Cooking the best salmon after a fishing trip
I get a lot of first-time salmon fishermen on my boat. Once the cooler starts filling with fish, it’s not long until someone asks, “What’s the best way to cook these?”
The best way? You can’t even get people to agree on the best way to cook an egg. Some like scrambled, others over easy or poached. The truth is, there is no “best way,” just different ways.
I’ve had people tell me, “I’d come out fishing with you, but I tried some Great Lakes salmon once and it was awful.”
That really surprised me, but when asked how the fish was cooked, the salmon-haters usually mention grilled, baked or that some “special” recipe was followed.
“Do you bake fish very often?” I ask.
The answer is usually no.
“Maybe you aren’t fond of baked fish,” I'll reply. “Maybe the cook isn’t a very good baker of fish.”
So I’ve developed a pat answer I use when a newcomer asks for cooking tips. First, I answer their question with a question. “What kind of fish do you usually cook and how do you cook them?” Whether their answer is walleye, crappie, sunfish makes no difference. Neither does their preferred recipe, whether it’s pan fried, sauteed or baked in butter.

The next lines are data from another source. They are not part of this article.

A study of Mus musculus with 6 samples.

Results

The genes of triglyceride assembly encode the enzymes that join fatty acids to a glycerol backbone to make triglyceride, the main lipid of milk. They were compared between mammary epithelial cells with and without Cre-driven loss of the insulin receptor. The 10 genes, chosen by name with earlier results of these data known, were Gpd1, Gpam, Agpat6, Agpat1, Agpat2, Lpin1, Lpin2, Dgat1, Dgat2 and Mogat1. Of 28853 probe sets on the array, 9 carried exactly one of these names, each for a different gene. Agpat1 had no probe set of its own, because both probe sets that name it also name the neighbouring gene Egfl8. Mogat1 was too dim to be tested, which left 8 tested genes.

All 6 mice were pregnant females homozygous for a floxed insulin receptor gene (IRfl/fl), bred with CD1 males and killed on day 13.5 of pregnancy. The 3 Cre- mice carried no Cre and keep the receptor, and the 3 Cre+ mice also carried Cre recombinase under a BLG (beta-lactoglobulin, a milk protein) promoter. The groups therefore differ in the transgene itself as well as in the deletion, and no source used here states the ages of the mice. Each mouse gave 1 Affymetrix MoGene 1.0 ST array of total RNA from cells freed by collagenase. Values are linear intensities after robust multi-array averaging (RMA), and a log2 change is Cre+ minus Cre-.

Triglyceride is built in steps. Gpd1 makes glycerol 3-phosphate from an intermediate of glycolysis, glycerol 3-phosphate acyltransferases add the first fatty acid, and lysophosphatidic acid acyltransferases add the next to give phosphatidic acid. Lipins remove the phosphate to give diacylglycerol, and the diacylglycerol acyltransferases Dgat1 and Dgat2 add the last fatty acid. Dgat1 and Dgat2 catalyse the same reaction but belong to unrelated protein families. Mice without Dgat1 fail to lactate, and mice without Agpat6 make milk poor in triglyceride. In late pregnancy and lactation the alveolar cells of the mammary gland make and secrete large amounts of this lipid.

Cut the salmon fillets into pieces that are about the same size as the fish you normally cook. Use the same breading mix, herbs or seasoning as you would use on your crappie fillets and cook them just as though they are a mess of crappies. The point is, you know how to cook fish that way, you enjoy eating fish cooked that way and I guarantee, you’ll like your salmon just as much or maybe even more. It will give you a basis for comparison. And if you catch a couple more, you will have plenty of meat to try in other, more exotic recipes.